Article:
Center Cores


Our Focus

The Center for Schizophrenia Research will test the primary hypothesis that NMDA dysfunction leads to early sensory and higher cognitive level deficits. Our hypothesis reaches beyond the limitations of the traditional model of schizophrenia as a disorder of dopaminergic neurotransmission, and explores the promising new model of schizophrenia as a disorder of NMDA receptor-mediated glutamatergic neurotransmission.

Our hypothesis is driven by evidence supporting the role of NMDA dysfunction in schizophrenia:

  • NMDA receptor agonists reproduce core symptoms of schizophrenia. 
  • A dependency upon a confluence of events characterizes both current flow through NMDA receptor channels and responses to sensory stimuli that are dysfunctional in schzophrenia.
  • Deficits in NMDA function have been linked to abnormal generation of sensory event-related potentials (ERPs), including auditory mismatch negativity (MMN), N1, and visual P1, particularly in response to magnocellular-based stimuli.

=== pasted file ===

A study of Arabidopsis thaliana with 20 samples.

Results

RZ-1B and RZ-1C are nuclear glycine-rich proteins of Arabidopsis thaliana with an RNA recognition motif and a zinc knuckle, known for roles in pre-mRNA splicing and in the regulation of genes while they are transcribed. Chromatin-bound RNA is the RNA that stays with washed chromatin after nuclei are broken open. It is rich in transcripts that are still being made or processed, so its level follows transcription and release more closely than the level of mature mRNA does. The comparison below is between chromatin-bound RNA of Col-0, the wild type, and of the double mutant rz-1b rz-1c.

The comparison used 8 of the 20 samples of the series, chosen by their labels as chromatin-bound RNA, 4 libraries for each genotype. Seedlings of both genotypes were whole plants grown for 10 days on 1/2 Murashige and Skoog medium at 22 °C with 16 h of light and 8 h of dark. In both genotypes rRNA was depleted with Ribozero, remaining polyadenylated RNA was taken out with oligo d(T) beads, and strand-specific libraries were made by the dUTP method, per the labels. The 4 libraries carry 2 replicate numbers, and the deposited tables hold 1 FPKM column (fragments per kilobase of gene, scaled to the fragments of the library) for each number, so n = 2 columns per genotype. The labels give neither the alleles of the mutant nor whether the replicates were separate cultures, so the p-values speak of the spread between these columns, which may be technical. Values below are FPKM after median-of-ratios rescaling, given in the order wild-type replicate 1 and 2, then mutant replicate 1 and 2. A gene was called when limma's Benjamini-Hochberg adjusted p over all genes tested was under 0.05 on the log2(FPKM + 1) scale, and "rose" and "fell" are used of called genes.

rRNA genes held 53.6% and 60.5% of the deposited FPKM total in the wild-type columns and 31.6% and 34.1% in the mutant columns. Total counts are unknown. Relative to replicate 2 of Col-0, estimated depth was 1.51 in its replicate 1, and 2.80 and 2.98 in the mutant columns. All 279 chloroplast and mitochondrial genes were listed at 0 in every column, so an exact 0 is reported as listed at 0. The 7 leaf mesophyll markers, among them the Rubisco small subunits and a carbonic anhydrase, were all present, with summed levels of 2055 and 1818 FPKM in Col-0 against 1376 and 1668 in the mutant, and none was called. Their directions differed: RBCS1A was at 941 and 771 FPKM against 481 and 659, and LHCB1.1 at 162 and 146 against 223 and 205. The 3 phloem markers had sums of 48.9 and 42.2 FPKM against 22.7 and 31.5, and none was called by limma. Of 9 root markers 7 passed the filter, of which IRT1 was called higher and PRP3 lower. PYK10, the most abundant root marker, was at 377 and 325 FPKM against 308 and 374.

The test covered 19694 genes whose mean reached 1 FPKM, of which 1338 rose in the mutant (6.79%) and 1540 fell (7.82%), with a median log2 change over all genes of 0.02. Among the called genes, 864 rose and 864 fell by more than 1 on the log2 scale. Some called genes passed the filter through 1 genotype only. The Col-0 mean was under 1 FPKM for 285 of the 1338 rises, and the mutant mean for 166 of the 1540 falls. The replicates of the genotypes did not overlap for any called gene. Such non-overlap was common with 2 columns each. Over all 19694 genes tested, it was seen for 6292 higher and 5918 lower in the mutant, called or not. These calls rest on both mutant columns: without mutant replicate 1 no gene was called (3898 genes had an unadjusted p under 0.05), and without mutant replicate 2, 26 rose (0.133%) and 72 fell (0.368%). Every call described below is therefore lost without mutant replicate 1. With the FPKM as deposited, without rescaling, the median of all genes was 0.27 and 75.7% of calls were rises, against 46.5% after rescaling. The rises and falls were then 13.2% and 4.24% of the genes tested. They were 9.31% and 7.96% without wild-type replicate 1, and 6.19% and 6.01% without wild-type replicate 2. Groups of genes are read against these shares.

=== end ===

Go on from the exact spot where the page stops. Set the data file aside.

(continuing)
• Primate work conducted by investigators in this Center has delineated basic concepts of cortical organization, including hierarchical information processing networks that may depend on underlying NMDA function.

Our Projects

Project 1: Multimodal assessment of sensory processing dysfunction in schizophrenia

Project 2: Neuro-oscillations, sensation and neurocognition

Project 3: Multimodal assessment of visual function and attention

Project 4: Neuronal basis of sensory processing dysfunction in schizophrenia

Project 5: Sensory processing deficits in the schizophrenia prodrome

Project 6: The impact of NMDA receptor hypofunction on schizophrenia-relevant sensory neurophysiological function

The studies conducted within these projects in both humans and non-human primates will improve conceptualizations of schizophrenia, improve biomarkers for diagnosis and evaluation of the disorder, and improve treatments, leading to improved functional and psychosocial outcomes. The projects are carried out at Columbia University, the Nathan Kline Institute, the University of California - San Diego, and Zucker Hillside Hospital.